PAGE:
Tips for Choosing Your First Running Shoes
If you want to get started in the world of running and choose your first shoes, the first thing you should know is that there are no perfect shoes. The best shoe, beyond a model or a brand, will be the one that adapts to your needs according to several factors that we will analyze in this article, so take good note.
Points to keep in mind when buying your first shoes
1. Go to a Specialized Sports Center
The best thing is to go to a specialised sports centre where an expert can analyse your footprint and, according to your needs, recommend the shoe models of different brands that may be the most suitable for you.
You should always try on your shoes first and check that you are really comfortable with them, as if you were not wearing them. It is recommended that you wear your own socks, with which you are going to run, and check if the comfort is optimal.
During long or intense workouts and in warmer climates your feet will tend to expand and swell, so they'll need a little extra space. In this case, you can do two things, either go and try the shoes on in the late afternoon when your foot is more swollen, or buy your shoes in an extra size (if you wear a 43, for example, you can buy a 43 and a half).
This way, you'll be sure not to buy shoes that will be too tight when your foot starts to swell, or that will be too loose. To avoid the latter, avoid trying them out early in the day when your foot size is smaller.
On the other hand, you'll probably see many offers in online shops with fantastic discounts, but the risk of buying a pair of shoes without trying them out first can be very expensive. However, if you already know your size for a certain model that you are experienced with and comfortable with, you can buy them in an online shop.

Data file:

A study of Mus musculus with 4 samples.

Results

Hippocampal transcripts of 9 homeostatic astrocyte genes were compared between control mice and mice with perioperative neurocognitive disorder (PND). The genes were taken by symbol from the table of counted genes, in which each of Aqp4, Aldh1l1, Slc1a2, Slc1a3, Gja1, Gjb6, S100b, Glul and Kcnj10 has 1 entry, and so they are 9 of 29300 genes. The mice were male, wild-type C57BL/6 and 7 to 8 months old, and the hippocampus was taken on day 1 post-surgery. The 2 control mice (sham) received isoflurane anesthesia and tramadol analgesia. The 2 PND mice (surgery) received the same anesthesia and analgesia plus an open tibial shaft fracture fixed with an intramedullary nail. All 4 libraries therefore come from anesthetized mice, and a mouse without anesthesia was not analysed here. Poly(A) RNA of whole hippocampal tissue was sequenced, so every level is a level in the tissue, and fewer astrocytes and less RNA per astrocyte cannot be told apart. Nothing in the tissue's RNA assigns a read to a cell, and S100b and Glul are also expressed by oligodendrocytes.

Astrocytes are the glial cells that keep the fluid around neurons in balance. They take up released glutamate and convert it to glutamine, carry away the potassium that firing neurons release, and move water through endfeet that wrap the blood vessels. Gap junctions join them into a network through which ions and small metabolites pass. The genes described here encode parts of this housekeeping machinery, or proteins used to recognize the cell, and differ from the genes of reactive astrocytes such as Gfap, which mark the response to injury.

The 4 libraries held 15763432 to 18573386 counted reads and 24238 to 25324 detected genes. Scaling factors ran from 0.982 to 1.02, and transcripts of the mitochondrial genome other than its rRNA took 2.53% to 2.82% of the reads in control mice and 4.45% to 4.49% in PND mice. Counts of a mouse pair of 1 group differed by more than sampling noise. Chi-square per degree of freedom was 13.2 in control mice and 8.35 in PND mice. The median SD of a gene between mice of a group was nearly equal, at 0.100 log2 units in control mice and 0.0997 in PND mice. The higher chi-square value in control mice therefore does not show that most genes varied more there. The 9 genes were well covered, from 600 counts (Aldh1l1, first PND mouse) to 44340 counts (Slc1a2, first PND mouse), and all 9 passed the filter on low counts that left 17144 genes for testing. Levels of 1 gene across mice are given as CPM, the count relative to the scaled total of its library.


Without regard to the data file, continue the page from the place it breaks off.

2. You need a Comfortable Running Shoe
Throw away the idea of using those comfortable shoes you wear to go paddling, hiking or playing football on the weekends. If you want to start running on a regular basis, you need to buy a pair of trainers that are adapted to the exercise you are going to do. If you're going to run at least once a week, get shoes that have good cushioning and are very comfortable, as they are the two key elements.
Keep in mind that even if you're not going to run long distances from the start, or want to prepare for a marathon, you still don't have a good running technique and you're likely to adopt some vices when running. By choosing well cushioned shoes to start with, you're less likely to get injured and can gradually improve your running technique. However, you should not get carried away by the cushioning alone: later on we will see that overdoing it is not advisable either.
Fitness and race pace are also important. If you are not used to doing sports and you know you are going to start running at a slow pace, choose flexible and shock-absorbing shoes. If, on the other hand, you're already in good physical shape and your muscles are more developed and flexible, you'll need lighter shoes with less drop (difference in height between heel and toe) and less cushioning.
3. Training Surface and Weather
It is important that you consider the terrain where you are going to carry out your training. It is not the same to run on grass, mountain, asphalt, cement or track. That's why there are different types of trainers for beginners that are also adapted to any type of surface. So it's best to determine where you will regularly go running to help you choose the shoes you will need.
If you're going for a run on tarmac, for example, you'll need shoes with good cushioning. Whereas, if you're running in the park or on the grass, stability will be more important and your sole will require more grip. If you dare to run on stonier terrain or rocky trails, then you'll need trail shoes that provide more grip, stability and protection.
The weather is another key consideration, even if you don't think it's important. If you live in a rainy area or go running early and the terrain can be wet or slippery, look for a shoe model that has the best possible grip on the surface where you're going to train.